Target ramping up hiring and holiday deals earlier to combat inflation

Retailer is expecting to add 100,000 seasonal workers
MIAMI, FLORIDA - DECEMBER 03: A We're hiring sign hangs on the wall of a Target store on December 03, 2021 in Miami, Florida. The Labor Department announced that payrolls increased by just 210,000 for November, which is below what economists expected, though the unemployment rate fell to 4.2% from 4.6%.
Photo credit (Photo by Joe Raedle/Getty Images)

Target Corporation has announced their plans heading into the holidays.

The retailer says they expect to hire 100,000 seasonal workers this year, the same number as last year.

Those hires will only happen after existing employees are given a chance to claim their holiday shifts. Starting wages will be between $15 and $24 an hour across the country.

The company also announced they'll begin special Deal Day promotions and price matching in early October.

“The holidays are a treasured time when our guests come together with family and friends to celebrate the joy of the season, and we’re here to make that as easy as possible for them to enjoy,” says Christina Hennington, executive vice president and chief growth officer, Target.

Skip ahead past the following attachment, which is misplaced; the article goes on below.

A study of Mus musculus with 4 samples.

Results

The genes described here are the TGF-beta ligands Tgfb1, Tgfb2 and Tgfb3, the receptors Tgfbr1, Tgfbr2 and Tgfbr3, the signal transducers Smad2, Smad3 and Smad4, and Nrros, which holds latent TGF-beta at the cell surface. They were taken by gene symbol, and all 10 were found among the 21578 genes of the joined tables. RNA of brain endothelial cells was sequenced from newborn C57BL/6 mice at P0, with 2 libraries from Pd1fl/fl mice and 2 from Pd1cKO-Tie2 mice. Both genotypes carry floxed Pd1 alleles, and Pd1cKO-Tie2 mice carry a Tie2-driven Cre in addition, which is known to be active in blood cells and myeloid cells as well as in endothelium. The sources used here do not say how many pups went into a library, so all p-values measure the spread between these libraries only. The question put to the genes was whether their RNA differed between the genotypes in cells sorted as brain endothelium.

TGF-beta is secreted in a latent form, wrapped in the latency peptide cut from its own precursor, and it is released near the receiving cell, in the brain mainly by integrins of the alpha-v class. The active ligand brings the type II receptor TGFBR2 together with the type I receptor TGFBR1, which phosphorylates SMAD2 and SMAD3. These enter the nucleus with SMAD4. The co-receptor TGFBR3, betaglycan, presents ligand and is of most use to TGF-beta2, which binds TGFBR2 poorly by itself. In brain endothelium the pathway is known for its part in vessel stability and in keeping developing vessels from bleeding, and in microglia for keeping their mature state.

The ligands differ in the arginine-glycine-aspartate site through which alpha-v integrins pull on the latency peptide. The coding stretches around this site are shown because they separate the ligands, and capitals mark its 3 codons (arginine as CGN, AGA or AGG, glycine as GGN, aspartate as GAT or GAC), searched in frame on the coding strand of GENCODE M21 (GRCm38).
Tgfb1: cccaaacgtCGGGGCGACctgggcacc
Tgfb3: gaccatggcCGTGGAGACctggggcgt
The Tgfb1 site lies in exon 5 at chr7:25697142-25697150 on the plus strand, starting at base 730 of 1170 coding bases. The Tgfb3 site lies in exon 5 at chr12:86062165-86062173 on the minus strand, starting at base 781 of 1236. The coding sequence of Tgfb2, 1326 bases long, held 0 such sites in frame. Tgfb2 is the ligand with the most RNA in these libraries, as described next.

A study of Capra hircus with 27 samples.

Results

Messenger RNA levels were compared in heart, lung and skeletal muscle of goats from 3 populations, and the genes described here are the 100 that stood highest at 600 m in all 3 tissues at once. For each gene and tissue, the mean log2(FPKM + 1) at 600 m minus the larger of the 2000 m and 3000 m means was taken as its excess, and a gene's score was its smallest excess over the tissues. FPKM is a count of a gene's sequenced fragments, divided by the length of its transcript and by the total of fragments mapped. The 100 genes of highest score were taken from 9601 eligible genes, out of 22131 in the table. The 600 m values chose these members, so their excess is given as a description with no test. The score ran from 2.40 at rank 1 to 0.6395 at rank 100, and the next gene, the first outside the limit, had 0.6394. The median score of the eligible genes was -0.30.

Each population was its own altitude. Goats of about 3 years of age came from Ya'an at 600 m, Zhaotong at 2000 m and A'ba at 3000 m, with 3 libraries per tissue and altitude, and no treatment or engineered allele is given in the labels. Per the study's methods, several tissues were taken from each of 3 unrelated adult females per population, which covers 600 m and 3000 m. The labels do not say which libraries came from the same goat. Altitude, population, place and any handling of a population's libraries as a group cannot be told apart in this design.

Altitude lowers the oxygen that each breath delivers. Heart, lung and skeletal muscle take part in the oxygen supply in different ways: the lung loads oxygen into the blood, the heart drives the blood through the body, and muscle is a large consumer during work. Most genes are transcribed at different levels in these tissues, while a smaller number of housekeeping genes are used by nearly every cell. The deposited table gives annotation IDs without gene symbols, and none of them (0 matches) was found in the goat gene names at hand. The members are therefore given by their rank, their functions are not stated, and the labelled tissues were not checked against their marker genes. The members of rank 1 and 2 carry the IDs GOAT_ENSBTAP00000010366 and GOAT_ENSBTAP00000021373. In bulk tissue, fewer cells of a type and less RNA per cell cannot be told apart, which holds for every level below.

Walmart and Target plan to begin offering deals and price matching offers earlier this year to keep up with Americans pressed by soaring inflation and looking for ways to take the sting out of holiday shopping.

Inflation that is hovering near four-decade highs, experts believe, could push families to get an earlier start on shopping with hopes of avoiding even higher prices later.


AlixPartners, the global consulting firm, forecasts that holiday sales will be up anywhere from 4% to 7% over last year, The current inflation rate of 8.3% means retailers would see a decrease in real sales.

Talking to WCCO Radio’s Morning News with Vineeta Sawkar, CBS News Business Analyst Jill Schlesinger says major retail outlets have been preparing for this for a while.

“Those organizations probably can tell us more about the economy than anyone else,” Schlesinger tells WCCO. “So throw the economists out and let's get the retailers in. There are places where, if you really consider a place like Target, you say that's a broad base of spending, right? Because you can buy everything from suntan lotion to clothing to some small appliance.
I think what would be interesting to find out from them is where people are spending because if we see that they're only spending on essentials, I think that's bad news for the economy. But if there's broad based spending around all the categories, I think then the consumer might be in better shape than we fear.”